Young people in Turkey demonstrated twice this week that they are brilliant at turning President Recep Tayyip Erdogan’s words into campaigns against him,

but the question every analyst is pondering is whether they can translate their energy into votes in the presidential and parliamentary elections on June 24.

The affair began with a sentence of only four words uttered to the AKP caucus in parliament on Tuesday afternoon. In an almost casual way, Erdogan said of the elections, “millet tamam derse, çekiliriz” (“if the people say ‘enough’, we will step aside”).

Less than 24 hours later, no fewer than two million Turks had tweeted “TAMAM” (enough). It had become the Top Trending tweet in the world. “Erdogan shot himself in the foot,” observed Dogu Ergil, retired professor of politics from Ankara University.

Erdogan avoided commenting on the campaign, leaving his lieutenants to dismiss it as a product of bots (automatically repetitive software), Gulenists and PKK supporters. On Friday, he addressed a meeting of young AKP supporters in Ankara. Noticing that while some members of the audience were enthusiastic, others were not, he said: “Gencler, biliyorum sıkıldınız” (“Young people, I know you are bored”). But the word for bored can also mean fed-up. By time of writing, more than 10,000 people had tweeted “SIKILDIK” (“we are fed up”).

The campaigns said a lot about what is happening in the country today.

“Turkey has a very young population and it’s a social media-savvy population,” said Yasemin Acar, assistant professor of political psychology at Ozyegin University in Istanbul. In the five years since the Gezi Park protests were put down by riot police and tear gas, “people became really savvy at using social media to express their political opinions when they are not able to go into the street anymore.”

To counter the “TAMAM” campaign, Erdogan loyalists started tweeting that Erdogan should “DEVAM” (continue). But by midnight on Tuesday, the “TAMAM” tweets had reached 1.45 million and the “DEVAM” tweets were only 70,000 – less than a twentieth of the “TAMAMs”. This reporter noticed that the figure for “DEVAM” was going up and down; indicating Twitter’s computer was throwing out “DEVAMs” generated by bots.

The reason why “TAMAM” out-tweeted “DEVAM” so heavily was that the opponents of Erdogan were driven by stronger emotions. The “DEVAM” tweeters felt obliged to stand by their leader. The “TAMAM” tweeters were angry about what has happened to Turkey under Erdogan’s 15-year leadership.

One exchange between a supporter and an opponent of the president illustrated the different moods. A man called Oguz tweeted: “It is funny how people don’t realise how actually free they are while criticizing and insulting Erdogan and calling him a dictator on the other hand. They somehow don’t seem to understand that they would be executed if he was an actual dictator. #TAMAM is a huge joke.”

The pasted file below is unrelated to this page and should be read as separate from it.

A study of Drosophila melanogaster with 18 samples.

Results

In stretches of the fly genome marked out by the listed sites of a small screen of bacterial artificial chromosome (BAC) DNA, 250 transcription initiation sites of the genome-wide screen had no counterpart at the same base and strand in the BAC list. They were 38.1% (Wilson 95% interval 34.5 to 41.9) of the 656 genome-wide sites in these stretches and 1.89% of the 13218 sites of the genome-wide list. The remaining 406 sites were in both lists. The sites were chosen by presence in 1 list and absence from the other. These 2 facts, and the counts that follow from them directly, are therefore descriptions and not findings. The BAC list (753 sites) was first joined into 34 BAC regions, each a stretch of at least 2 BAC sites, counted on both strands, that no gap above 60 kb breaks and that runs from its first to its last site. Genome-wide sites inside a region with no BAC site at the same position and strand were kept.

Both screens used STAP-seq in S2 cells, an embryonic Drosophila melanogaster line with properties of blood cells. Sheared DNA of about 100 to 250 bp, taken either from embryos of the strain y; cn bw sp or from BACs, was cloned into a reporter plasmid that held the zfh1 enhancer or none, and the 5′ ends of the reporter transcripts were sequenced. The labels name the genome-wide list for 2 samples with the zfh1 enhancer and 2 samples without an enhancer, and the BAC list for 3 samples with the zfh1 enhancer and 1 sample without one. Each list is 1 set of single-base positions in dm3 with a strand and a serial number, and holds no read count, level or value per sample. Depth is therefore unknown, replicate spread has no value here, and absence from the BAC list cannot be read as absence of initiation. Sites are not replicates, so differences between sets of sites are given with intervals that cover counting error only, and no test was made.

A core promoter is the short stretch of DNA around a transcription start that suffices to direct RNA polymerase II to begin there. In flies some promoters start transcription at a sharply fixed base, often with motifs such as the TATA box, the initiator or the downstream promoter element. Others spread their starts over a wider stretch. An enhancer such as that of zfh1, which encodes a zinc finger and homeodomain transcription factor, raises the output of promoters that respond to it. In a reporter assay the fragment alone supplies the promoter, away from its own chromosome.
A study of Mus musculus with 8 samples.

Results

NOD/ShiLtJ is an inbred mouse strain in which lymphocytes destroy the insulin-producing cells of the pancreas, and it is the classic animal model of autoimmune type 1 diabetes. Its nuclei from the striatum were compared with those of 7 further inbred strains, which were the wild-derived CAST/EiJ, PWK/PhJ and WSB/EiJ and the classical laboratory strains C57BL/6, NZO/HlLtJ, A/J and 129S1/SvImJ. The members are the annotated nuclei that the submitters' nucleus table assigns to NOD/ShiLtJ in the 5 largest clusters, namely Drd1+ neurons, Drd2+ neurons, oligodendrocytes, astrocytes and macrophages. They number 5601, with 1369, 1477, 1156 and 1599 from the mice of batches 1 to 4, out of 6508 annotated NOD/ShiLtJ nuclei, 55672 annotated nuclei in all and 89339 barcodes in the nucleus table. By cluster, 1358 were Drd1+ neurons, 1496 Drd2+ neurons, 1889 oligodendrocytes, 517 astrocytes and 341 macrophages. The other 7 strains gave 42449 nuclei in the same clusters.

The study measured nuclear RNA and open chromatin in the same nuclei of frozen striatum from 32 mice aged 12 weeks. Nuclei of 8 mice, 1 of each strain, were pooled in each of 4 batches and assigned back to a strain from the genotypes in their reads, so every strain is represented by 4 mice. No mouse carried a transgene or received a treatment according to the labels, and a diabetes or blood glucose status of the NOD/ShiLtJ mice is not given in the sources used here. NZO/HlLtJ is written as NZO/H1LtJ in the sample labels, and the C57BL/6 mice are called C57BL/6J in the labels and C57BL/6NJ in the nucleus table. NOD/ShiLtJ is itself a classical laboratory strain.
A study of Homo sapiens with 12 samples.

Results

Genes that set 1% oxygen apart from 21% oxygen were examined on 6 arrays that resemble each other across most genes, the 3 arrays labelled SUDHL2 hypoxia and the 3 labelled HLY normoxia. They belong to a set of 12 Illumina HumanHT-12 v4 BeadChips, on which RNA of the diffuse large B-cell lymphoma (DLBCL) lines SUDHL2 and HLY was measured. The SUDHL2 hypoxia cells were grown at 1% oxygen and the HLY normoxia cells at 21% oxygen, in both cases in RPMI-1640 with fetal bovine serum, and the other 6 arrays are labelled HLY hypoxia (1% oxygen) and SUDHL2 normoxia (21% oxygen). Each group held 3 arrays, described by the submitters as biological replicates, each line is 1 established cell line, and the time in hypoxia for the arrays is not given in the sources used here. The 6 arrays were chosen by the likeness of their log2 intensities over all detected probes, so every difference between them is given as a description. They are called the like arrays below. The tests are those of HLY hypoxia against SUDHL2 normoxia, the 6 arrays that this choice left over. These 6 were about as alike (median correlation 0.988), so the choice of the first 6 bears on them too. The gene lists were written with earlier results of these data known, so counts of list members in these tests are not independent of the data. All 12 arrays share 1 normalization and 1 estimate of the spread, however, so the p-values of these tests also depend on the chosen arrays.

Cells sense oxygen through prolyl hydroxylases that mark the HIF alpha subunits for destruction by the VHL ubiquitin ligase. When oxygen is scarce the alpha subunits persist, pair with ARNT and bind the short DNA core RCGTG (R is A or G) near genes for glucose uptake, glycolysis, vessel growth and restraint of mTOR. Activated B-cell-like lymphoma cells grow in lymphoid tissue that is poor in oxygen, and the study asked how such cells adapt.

In reply, Omer Çayirli, who posted his photograph as well as his surname, tweeted: “You gotta be kidding and obviously not living in Turkey. When you criticise Erdogan directly, you are on the edge of a knife. Get ready to be prosecuted, taken into custody and/or get arrested. It is free to try, if you got the balls! #TAMAM.”

Presidential spokesperson Ibrahim Kalın said the answer to the “TAMAMs” would come on June 24: “Citizens will have the last word in the election.” And this is the opposition’s challenge.

Professor Acar researches collective action. She told Sigma Insight that for liberals to sustain the “TAMAM” energy they should engage in “small, forward movements”, such as social-media campaigns, door-to-door campaigning for parties, and enrolling in election-monitoring groups such as Oy ve Otesi (Vote and Beyond).

What has discouraged liberals in the past, she said, was that they felt their efforts yielded nothing against the overwhelming weight of AKP rule. But in door-to-door campaigning and poll monitoring, they could see results.

“When people are involved in small-scale initiatives, they feel because it’s small and it has a clear outcome – something they can see, something palpable – people feel empowered. And that’s something that can maintain this (TAMAM) energy through this election,” Acar said.

A cynic would argue that the Gezi protests of June 2013 mobilised the opposition to Erdogan as never before, but resulted in the AKP’s share of the national vote falling by only five percent in the local elections of March 2014.

“A lot has changed since Gezi. The economy is doing worse. The rightwing MHParty has split,” Acar replied. “What’s been going on in the last couple of years is detrimental to AKParty, and I think they recognise that – otherwise they would not have moved up the election.”

Professor Ergil said the strength of “TAMAM” stemmed from the fact that opposition to Erdogan is extremely diverse – ranging from the religious rightwing Saadet Party to the liberal pro-Kurdish HDP – and it needs something to unite behind. “Erdogan himself provided the concept,” he added.

Ergin recalled the success of the opposition’s slogan in Turkey’s first multi-party elections in 1950. The Democratic Party of Adnan Menderes ran a poster showing an upraised palm with the word “Yeter!” – which, like “tamam”, means “enough”.

He predicted the opposition would use “TAMAM” intensively in the election campaign. Like the Yeter! symbol, TAMAM “expresses the feelings of the opposition and discontented people in a very simple but effective way,” he said.